Pan’s Labyrinth

I’m the one dragging my poor teenagers to see some foreign language
film, but this time it was the other way around, and I’m glad they did.
This movie breaks all language barriers and is, to me, a perfect
example of fantasy done completely right.

Pan’s Labyrinth
is set in chaotic, war torn 1944 Spain. It’s an unlikely, and
ultimately perfect, blend of fantasy and reality. Centering on the
plight of Ofelia, a young girl on the cusp of womanhood, this tale
weaves a dual reality with adventure and magic on both sides of the
coin. In this world, she’s the daughter of a tailor killed in the war,
and her mother has wed a cruel military Captain out of desperation and
misguided hope. Brought by this step-father to a new home in the country, they await the birth of his son, Ofelia’s half-brother. It’s here that
Ofelia finds the portal to another reality, one in which she is the
soul of the lost princess of the underworld, a place of magic and
legend which awaits her return.

Despite how it sounds, this is not a children’s movie, nor is it a
happy one. It depicts very realistic war violence and torture, none of
which is gratuitous — to this story it is unfortunately necessary. It’s
rated R and deserves it. I would strongly discourage anyone taking kids
under 14 to see it.

I would discourage squeamish adults from seeing it, as well.

The most amazing thing to me about this movie is that it actually
works. Guillermo del Toro, the film’s director, deserves every accolade
he receives for this film, because he did an amazing job. Flipping
between guerilla warfare and meetings with fantastic creatures, between
scenes of military torture and confrontations with horrid monsters, it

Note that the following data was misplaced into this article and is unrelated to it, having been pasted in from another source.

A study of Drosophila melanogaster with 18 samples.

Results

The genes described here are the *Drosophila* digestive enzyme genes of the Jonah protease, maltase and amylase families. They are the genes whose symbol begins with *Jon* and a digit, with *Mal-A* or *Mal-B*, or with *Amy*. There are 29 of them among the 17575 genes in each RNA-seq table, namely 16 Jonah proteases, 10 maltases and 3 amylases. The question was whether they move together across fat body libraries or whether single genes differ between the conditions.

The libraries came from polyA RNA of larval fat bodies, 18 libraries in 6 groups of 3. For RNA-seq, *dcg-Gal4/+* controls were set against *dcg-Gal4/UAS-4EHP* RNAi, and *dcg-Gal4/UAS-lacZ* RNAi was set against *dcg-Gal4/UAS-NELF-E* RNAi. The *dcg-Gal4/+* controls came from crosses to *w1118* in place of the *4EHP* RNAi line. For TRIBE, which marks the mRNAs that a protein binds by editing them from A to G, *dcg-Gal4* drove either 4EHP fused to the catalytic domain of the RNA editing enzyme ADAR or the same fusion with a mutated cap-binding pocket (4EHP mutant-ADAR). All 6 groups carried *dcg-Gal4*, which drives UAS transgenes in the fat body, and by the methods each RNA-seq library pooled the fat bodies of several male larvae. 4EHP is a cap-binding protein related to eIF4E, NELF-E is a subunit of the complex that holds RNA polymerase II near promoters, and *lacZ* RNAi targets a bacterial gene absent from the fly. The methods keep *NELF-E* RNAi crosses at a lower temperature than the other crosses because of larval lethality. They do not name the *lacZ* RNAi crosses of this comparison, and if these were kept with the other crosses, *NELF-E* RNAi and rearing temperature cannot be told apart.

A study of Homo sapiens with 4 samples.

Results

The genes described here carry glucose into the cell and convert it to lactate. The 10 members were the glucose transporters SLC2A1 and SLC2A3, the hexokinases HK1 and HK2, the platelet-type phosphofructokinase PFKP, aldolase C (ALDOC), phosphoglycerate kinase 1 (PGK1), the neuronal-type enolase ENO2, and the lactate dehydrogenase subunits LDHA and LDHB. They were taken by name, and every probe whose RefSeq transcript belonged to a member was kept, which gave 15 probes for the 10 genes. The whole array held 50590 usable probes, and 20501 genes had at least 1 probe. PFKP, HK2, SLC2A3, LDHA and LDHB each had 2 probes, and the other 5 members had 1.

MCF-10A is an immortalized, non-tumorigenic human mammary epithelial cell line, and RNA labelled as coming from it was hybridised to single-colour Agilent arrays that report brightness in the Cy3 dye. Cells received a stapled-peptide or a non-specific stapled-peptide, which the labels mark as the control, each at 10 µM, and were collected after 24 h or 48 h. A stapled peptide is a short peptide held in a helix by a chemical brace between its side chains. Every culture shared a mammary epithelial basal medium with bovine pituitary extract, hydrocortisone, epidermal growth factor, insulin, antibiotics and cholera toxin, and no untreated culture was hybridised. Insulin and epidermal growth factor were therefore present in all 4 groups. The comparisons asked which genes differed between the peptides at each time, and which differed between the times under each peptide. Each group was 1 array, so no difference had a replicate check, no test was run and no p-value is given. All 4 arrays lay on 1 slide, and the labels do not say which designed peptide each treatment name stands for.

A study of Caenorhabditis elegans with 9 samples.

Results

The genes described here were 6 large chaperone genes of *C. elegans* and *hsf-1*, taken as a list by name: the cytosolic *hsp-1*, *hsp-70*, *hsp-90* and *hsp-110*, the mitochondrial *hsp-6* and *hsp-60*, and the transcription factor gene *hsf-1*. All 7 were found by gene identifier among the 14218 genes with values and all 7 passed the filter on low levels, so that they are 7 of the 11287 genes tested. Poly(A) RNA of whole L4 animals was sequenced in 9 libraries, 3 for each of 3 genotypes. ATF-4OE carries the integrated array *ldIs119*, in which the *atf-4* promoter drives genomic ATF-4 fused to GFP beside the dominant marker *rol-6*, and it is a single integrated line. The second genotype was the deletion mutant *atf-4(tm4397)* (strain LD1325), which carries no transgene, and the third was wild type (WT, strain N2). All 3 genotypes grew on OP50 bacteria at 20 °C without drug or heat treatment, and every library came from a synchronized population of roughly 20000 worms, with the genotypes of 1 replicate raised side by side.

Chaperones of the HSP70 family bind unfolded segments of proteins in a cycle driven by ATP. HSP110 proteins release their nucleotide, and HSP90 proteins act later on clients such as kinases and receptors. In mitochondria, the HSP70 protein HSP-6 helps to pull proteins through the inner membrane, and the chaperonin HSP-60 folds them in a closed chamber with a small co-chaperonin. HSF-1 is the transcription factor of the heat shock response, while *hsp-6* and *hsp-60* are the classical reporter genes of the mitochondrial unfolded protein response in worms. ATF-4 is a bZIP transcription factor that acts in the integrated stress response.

all makes sense. There’s not a stumble in the entire movie.

The complaint I’ve had about contemporary fantasy is that it is
stagnating in its own conventions. Here is an example of how it can run
fresh and wild, like something entirely new.

Bravo to the director and the screen writer. Bravo to the cast and crew. You did it right.


10 thoughts on “Pan’s Labyrinth

  1. Reading a recent Mercedes Lackey novel, I was wondering something that might relate. Though I have yet to see Pan’s Labyrinth (though I want to), I was recently thinking about how ‘toned down’ we’ve turned classical European faerie myth into something homonized and ‘Disney-ised’, when such tales were originally much grittier, more related to the hardships of the real world. I’ve also read similar essays at RFB&D.
    But then, I’m probably upsetting Disney shareholders, so I’ll stop.

  2. I will have to see this one. I write myths and would love to see them on the screen someday. I agree with trnunes Mythology is about challenging and teaches us how to relate to each other and the world around us; learning about nature, ourselves and the gods…as it engages the mind body and spirit of a person. Too many times our great myths have been reduced to “entertainment” only.
    Thank you for the tip…I look forward to experiencing it.
    Ashes .

  3. I really want to see this movie. I was at the official website for it and it looks so amazing. This is the sort of stuff I like to write, so when I see a magic realism movie advertized, I’m champing at the bit to go see it.

  4. Yeah, I want to see this one pretty badly.  For all you true “Mythologists” out there, I would invite you to see any Mary Zimmerman play.  Those in Chicago get to see the premiers with the Lookinglass Theater and Goodman Theater.  Best known for the play Metamorphosis in which she got a Tony Award, she has a catalogue of plays that for the large part are well worth your time.

  5. I never would have HEARD of this movie if not for this post. Thanks! RYC: It’s so sad that I’m obsessed with R&RHS instead of truly great works of art, but there you go.

  6. I WENT TO SEE THAT!!! I saw it the day I got sick. I took my 13 1/2 yo on Wednesday night and began bark-coughing that night. It was awesome! Disturbing, touching and sad.
    Thank you for the get well wishes and concern-no hospital. I just had sooo much catching up to do after being bed-bound for days that I couldn’t get on.